Tortelli Mugellani With Potato Filling

January 7, 2021 Updated: January 7, 2021

Tortelli mugellani are a type of filled pasta typical of Mugello, a mountainous area near Florence, bordering Emilia Romagna. They are one of the most representative recipes of the cuisine, which is Tuscan, based on poor ingredients, but influenced by the nearby region, Emilia Romagna. Women in Mugello know how to roll out the dough as they do in Romagna, but the filling changes, adapting to the poverty of the region: potatoes instead of meat, seasoned in a myriad of different ways depending on the area, the family, the tradition.

It’s pointless to ask a local for the “authentic” recipe, as it is always a well-kept family secret.

We know what the basic ingredient is—boiled potatoes—but then there are those who add garlic or leeks, others who use parsley, and still others who swear they need a teaspoon of tomato paste or a spoonful of meat sauce. Then, you must not forget the cheese, some grated Parmigiano Reggiano—or is it pecorino? In Palazzuolo sul Senio, a town situated right on the border, there are those who even add ricotta to the filling, reflecting an even stronger influence of Romagna.

The following is the recipe I’ve been making for years, tweaking the ingredients from time to time but keeping it as simple as possible, respecting the true nature of a recipe that belongs to the local cucina povera.

Serve them with your sauce of choice. Tortelli are traditionally dressed with a robust meat sauce—a classic ragù, but sometimes also stewed wild boar or duck—but at the sagre, the local food festivals usually held in parking lots or sports centers, you will also find brown butter and sage, basil pesto, or tomato sauce as options.

These tortelli freeze well. Arrange them on a tray in one layer to freeze, and then, once frozen, transfer to a freezer bag. Cook just out of the freezer in boiling water.

Serves 4 to 6

  • 1 batch fresh pasta dough
  • Semolina flour, for dusting
  • 1 pound yellow potatoes
  • 1 clove garlic, minced
  • 2 tablespoons finely chopped parsley
  • 1 teaspoon salt
  • 1/2 teaspoon freshly ground black pepper
  • Pasta sauce of choice, for serving

Make your fresh pasta dough and let it rest for 30 minutes. Dust a large platter with semolina flour.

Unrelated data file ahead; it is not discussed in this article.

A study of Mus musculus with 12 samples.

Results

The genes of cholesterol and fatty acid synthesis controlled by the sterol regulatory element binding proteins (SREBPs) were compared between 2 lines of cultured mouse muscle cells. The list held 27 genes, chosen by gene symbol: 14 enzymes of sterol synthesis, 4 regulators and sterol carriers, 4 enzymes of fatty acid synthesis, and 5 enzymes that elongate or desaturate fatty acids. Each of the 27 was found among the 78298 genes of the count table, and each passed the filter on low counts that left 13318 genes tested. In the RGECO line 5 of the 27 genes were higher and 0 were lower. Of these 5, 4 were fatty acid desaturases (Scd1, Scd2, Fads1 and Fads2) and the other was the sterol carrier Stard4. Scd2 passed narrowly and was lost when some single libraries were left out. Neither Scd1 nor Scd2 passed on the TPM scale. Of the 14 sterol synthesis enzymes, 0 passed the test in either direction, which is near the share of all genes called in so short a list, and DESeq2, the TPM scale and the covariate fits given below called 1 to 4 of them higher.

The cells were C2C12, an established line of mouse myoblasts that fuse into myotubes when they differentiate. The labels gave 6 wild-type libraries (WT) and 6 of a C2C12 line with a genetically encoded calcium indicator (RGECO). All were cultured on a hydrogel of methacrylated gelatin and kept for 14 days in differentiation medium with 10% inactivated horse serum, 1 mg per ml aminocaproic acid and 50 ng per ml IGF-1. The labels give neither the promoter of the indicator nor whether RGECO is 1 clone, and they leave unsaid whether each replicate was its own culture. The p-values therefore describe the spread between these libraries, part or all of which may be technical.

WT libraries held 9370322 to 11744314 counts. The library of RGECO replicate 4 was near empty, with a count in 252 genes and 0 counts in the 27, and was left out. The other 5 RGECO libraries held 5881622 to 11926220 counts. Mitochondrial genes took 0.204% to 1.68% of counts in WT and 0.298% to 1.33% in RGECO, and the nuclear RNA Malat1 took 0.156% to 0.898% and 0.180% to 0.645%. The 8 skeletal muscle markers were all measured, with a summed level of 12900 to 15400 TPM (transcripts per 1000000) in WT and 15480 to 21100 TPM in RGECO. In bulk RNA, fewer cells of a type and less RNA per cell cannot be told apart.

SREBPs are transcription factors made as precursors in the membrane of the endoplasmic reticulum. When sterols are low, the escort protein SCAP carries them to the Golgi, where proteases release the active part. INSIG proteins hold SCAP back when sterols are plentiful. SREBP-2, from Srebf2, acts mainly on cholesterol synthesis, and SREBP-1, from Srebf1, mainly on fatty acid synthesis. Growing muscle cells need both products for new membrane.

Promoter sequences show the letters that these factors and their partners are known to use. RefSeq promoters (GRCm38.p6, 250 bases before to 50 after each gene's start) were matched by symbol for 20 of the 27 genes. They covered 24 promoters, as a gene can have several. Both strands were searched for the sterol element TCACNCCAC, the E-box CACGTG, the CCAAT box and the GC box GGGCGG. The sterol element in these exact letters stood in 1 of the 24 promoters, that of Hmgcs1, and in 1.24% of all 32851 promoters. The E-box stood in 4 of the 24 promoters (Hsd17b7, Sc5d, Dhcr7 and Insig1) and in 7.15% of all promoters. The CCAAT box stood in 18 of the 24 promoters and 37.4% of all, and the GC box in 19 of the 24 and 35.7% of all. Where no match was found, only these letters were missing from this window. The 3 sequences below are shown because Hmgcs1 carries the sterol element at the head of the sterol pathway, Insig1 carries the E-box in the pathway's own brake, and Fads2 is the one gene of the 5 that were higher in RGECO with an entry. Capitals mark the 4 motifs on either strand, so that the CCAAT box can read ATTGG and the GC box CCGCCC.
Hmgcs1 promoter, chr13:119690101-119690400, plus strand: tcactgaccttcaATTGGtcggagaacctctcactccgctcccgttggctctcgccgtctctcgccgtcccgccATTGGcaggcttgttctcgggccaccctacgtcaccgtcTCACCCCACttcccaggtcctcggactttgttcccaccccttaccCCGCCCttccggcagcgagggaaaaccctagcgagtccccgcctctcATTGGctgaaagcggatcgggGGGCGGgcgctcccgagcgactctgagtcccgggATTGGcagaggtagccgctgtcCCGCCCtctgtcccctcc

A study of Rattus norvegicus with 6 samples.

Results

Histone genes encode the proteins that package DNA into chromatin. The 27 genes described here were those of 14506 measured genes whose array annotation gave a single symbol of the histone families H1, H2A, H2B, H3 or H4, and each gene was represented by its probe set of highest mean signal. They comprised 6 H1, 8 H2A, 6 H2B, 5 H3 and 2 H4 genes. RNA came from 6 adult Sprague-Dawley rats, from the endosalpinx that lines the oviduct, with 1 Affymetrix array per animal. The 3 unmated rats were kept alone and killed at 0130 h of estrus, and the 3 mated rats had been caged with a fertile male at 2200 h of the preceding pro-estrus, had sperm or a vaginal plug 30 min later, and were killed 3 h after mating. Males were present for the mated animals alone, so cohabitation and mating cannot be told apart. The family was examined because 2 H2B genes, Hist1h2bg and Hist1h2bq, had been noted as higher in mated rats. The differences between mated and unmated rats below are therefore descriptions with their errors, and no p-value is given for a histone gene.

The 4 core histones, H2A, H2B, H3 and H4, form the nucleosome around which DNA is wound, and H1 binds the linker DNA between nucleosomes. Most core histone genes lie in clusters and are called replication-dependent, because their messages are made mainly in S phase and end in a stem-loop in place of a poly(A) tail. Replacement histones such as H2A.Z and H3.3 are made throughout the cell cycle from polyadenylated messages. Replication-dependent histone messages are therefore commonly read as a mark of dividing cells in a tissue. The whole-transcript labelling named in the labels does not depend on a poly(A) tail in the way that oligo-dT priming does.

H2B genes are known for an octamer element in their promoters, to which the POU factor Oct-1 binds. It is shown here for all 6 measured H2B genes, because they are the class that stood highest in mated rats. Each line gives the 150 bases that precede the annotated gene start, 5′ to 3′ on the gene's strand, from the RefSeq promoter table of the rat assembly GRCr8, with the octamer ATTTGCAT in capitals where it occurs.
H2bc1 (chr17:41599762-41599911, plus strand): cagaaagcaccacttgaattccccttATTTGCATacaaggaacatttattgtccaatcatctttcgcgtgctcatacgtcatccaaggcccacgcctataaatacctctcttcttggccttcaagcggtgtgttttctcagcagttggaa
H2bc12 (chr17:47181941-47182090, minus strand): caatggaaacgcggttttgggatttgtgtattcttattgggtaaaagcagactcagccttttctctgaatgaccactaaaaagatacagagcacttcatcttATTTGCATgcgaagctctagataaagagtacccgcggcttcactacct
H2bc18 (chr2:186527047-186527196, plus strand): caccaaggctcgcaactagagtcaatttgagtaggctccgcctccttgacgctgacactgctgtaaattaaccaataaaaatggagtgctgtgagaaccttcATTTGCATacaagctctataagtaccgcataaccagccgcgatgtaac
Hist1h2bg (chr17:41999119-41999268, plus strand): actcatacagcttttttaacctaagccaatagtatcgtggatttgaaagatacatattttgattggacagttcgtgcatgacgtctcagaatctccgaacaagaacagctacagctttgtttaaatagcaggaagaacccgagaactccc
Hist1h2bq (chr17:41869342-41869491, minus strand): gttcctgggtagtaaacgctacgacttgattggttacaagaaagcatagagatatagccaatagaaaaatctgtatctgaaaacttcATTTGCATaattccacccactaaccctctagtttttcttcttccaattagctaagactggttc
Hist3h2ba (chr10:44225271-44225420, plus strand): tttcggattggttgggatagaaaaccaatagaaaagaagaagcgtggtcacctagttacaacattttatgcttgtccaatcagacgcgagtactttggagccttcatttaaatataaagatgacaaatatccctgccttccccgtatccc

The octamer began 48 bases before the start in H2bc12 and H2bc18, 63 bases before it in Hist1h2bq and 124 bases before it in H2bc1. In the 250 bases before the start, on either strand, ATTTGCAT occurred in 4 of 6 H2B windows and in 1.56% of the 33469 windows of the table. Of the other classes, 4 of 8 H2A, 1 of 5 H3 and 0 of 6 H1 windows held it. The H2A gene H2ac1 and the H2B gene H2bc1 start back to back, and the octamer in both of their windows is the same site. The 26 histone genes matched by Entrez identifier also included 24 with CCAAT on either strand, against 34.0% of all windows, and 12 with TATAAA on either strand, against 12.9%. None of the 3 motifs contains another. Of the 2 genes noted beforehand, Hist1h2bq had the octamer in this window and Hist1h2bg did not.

Meanwhile, peel the potatoes and steam them until you can effortlessly pierce through to their centers with a knife. Let the potatoes cool until you can comfortably handle them, then mash them and transfer to a bowl. Add the garlic, parsley, salt, and pepper and mix well. Set aside.

After the resting time, roll out the dough into long, thin sheets, working in batches as needed. You can use a classic rolling pin on a flat working surface or a pasta machine. Either way, the most important thing is to keep rolling and flipping and rolling and flipping until the dough is paper-thin.

Cut each sheet of pasta in half. On one half, drop teaspoonfuls of the potato filling at regular distances from one another, about 1 inch apart. Cover with the other half-sheet, and use your fingers to press the edges around all the fillings firmly so they are well sealed. Repeat with the remaining sheets of pasta and filling.

Use a square cutter with grooved edges, or a sharp knife, to cut the filled pasta sheets into squares, forming your tortelli. Arrange them on the semolina-dusted platter, making sure they do not touch and do not stick to the plate.

Epoch Times Photo
Cut out your tortelli with a square cutter with grooved edges, or a sharp knife. (Giulia Scarpaleggia)

Bring a large, shallow pot of water to a boil. Salt the water and cook the tortelli in batches, depending on the size of the pot. They cook in just a few minutes; they’re ready when they float to the surface. Gently scoop them out and drain, then arrange in a large, high-sided platter.

Serve with the sauce of your choice. They are lovely with meat ragù or a dense game meat sauce.